Music Waste kicks off hard with a blowout at the Waldorf
At the Waldorf Hotel on Thursday, June 7
Part of the fun of Music Waste, Vancouver’s premier DIY music festival, is bouncing between venues to catch as many local acts in one night as is humanly possible. But while there were shows going on around town at Zoo Zhop, the Railway Club, and Library Square, many people opted to stick around the Waldorf Hotel on Thursday night. You could hardly accuse anyone of slacking off, though, considering the East Van entertainment hub was hosting an 11-band blowout that had fans hoofing it between three rooms of tunes—well, four, if you count the unrelated jazz night taking place in the hotel’s Nuba restaurant.
Dirty Spells kicked off the evening in front of a fairly empty cabaret, but the seven-piece group’s unbridled rock ’n’ roll enthusiasm made it seem like they were playing to a full house. The outfit’s double-drum attack, sax skronks, and violin swells made for an especially murky, spy-rock-influenced psych set.
Next up was White Poppy, a duo that dialled things down with its minimalist dream pop. Leader Crystal Dorval offered up heavily textured guitar runs powered by a suitcase full of gadgets that left many, including her, speechless. “Enjoy the silence,” she said between a pair of reverb-heavy numbers indebted to the early 4AD catalogue. “It’s refreshing sometimes.”
Upstairs in the Tiki Bar, one-man punk band New Krime was making a hell of a racket. The quick-and-to-the-point set had guitarist T. Depression shouting smarmily over tinny, programmed beats and snippets of what sounded like old German newsreels.
Despite its baroque pop leanings, last minute addition Aunts and Uncles kicked off its set in the Hideaway lounge with a ham-fisted but hilarious attempt at Led Zeppelin’s “Immigrant Song”. Guitarist Joseph Hirabayashi mean-mugged the audience as he chugged out that iconic, percussive Jimmy Page riff, while violinist Adrienne LaBelle wailed her way through most of those lyrics about the land of ice and snow.
Greenback High kept things just as rock-minded a few feet away in the cabaret, blasting through ultradistorted power-pop tunes that often found guitarist-vocalist Joshy Atomic wailing away on his axe with fleet-fingered dexterity. Bassist Rob Wright ended up giving a shout-out to the festival before the group launched into “Long Way to Go”, pointing out that in addition to the other acts that had to close out the night, there were still dozens of shows lined up for the next four days.
While there was plenty of action to behold on-stage, at times it seemed like the real party was taking place at the bamboo bar between the cabaret and the Hideaway lounge. Throughout the night, you’d catch handfuls of patrons drunkenly getting their groove on with stubbies of Cariboo held high to the sounds of Duran Duran, Blondie, and Rod Stewart’s “Da Ya Think I’m Sexy?” Even if the playlist wasn’t exactly Vancouver-centric, you could at least see some local notables cutting it up in the throng (Rose Melberg, we’re looking at you).
Back in the Tiki Bar, electronic act Telefoam was serving up some beautiful, Balearic club beats. A projection screen with some distorted visuals obscured knob-twiddlers Patrick Beechinor and Ryan Longoz, who, despite laying down some of the chilliest sounds of the night, were frantically twisting dials on their assortment of samplers. A guitarist in a shirt and tie came close to derailing the dreaminess of it all, though, spiking the set with some unbecomingly flashy hammer-ons.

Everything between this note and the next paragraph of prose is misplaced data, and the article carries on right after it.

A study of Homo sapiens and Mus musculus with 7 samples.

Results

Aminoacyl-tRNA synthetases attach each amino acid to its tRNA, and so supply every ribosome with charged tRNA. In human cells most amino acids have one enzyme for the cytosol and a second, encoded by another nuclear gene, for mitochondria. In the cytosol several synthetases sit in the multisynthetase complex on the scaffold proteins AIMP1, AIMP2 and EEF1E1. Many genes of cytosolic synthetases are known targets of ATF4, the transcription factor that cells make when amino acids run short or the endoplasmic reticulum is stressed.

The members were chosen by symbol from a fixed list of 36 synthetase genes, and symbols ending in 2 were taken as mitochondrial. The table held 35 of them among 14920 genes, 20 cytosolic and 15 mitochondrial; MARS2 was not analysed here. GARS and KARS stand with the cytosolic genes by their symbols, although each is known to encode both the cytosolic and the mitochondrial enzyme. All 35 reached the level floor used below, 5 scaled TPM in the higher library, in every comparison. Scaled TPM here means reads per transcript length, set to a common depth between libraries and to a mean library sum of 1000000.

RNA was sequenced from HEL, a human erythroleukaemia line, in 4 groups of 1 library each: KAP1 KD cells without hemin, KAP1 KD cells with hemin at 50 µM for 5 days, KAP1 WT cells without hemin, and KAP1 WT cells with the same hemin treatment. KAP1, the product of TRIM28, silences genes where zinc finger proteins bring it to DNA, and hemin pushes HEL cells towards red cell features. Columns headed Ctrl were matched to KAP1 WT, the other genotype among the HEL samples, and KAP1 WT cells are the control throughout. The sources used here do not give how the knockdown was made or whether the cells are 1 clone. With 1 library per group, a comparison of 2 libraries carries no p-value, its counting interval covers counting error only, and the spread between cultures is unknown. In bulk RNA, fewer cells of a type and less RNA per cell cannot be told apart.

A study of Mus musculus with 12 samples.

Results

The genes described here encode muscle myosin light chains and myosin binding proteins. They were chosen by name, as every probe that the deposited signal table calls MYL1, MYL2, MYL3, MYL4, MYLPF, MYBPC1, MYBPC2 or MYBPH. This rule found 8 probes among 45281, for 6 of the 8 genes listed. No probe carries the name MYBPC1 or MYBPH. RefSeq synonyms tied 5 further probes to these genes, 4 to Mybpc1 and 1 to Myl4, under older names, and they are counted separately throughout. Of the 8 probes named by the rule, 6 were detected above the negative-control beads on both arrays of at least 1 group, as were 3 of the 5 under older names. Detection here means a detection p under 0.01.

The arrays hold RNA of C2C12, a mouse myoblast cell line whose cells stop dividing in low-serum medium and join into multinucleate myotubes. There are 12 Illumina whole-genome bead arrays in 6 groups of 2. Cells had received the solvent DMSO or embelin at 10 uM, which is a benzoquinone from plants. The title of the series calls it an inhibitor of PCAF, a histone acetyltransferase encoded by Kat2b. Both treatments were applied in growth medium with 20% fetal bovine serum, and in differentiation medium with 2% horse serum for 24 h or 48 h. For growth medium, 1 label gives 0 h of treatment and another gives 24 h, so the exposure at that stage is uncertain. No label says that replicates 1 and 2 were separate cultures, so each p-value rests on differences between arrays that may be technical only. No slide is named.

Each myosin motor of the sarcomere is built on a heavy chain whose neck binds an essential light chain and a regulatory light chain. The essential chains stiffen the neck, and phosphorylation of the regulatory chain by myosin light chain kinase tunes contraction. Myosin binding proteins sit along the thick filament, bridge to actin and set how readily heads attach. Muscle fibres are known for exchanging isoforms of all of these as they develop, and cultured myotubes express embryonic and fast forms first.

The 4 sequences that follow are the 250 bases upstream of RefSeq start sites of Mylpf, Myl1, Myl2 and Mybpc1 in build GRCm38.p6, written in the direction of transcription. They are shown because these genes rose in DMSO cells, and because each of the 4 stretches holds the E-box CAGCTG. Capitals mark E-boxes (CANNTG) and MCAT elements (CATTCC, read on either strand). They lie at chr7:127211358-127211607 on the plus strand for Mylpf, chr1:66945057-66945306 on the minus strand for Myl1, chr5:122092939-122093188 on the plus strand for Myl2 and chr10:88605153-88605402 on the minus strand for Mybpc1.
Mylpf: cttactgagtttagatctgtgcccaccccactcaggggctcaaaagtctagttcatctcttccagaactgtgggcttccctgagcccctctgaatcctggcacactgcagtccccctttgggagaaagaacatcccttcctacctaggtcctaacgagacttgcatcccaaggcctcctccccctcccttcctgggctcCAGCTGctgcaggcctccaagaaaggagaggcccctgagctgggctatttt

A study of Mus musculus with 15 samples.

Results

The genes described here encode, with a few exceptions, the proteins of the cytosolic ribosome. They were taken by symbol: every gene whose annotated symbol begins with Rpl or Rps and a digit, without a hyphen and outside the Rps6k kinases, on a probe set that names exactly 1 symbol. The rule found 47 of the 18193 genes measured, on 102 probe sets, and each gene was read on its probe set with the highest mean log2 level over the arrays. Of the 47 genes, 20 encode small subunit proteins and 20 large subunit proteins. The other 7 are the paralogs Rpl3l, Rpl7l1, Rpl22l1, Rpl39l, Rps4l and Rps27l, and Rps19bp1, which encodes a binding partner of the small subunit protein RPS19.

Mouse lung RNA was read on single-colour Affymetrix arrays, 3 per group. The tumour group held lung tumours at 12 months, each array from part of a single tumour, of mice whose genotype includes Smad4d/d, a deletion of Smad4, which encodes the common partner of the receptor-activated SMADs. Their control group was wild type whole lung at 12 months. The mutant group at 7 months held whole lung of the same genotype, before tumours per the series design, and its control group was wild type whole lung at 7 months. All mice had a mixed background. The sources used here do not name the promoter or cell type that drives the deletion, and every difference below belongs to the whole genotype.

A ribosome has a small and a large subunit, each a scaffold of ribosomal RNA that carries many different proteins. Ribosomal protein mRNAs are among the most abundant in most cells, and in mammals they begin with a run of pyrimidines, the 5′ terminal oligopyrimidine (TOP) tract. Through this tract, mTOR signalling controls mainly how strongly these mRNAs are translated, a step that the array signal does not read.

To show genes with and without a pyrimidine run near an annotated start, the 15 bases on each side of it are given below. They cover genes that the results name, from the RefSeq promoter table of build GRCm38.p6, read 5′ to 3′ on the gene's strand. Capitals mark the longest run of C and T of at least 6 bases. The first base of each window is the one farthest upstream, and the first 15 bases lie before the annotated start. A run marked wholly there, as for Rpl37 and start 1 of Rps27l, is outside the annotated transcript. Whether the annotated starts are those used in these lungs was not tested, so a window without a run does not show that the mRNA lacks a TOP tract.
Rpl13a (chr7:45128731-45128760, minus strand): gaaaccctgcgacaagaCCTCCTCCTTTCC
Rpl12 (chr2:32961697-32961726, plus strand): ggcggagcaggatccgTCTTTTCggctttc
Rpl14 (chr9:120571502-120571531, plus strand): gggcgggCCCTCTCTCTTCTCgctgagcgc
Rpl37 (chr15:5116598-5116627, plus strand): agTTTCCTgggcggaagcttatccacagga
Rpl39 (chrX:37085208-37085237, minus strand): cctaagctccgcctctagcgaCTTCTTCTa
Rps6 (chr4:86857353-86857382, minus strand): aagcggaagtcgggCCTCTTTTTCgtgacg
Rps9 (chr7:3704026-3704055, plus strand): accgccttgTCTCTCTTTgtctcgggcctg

Vincent Parker jumped on-stage next and proceeded to freak the fuck out, wiggling his bearded, slender frame spastically as he doled out hyperactive, wobbly dub sounds. Despite his energized performance, most attendees opted to chat over beers at some nearby tables.
The Godspot’s Ryan Johnston admitted to having had a few too many drinks throughout the night, which explained the psych-rock troupe’s train-wreck performance in the Hideaway. From the obnoxious, big-ol’-jet-airliner flanger effects to a cornea-scorching strobe light pointed directly into the crowd, to Johnston’s in-the-red screeches, nothing seemed to gel for the act. And they knew it. “This is what happens when you get the harder drinkers to play later,” the frontman slurred sloppily between songs.
Capitol 6’s set in the cabaret, meanwhile, came off super-pro without sounding too slick. The quintet delivered countless greats off their recently released Pretty Lost LP, with the biggest highlight being the hazy paisley-pop jam “Beside the Fire”. The act’s material had an extra edge on-stage, with Henry Beckwith subbing the old-time piano plunks in the recording of “Playing Dead” with a fuzzed-out fun-house organ line.
Back in the Hideaway, Peace demonstrated why it’s become one of the city’s most beloved indie acts. Singer-guitarist Dan Geddes has become Vancouver’s resident postpunk poet laureate, delivering ominous lines about painted skin and extinguished flames in a commanding, half-spoken tone over the troupe’s increasingly hypnotic thud. Peace’s follow-up to last year’s My Face can’t come soon enough.
Around 12:30, B-Lines capped the night as it tends to: with a piss-and-vinegar blast of high-speed pop punk. Singer Ryan Dyck stormed around, staring into the crowd like a man possessed during hardcore highlights “Tonite” and “It Rains”, while the rest of the troupe bashed away at their instruments. Despite Dyck half-joking that the veteran band had been made headliners so that tuckered out Music Wasters could go home early, the crowd ate up every second of it, yanking the singer into the pit and lovingly giving him a beer shower. Punchy and punked-up new tune “Normal Again” may have the dude dying to “finish in the middle of the pack”, but B-Lines put on the kind of show that keeps you at the top of the heap.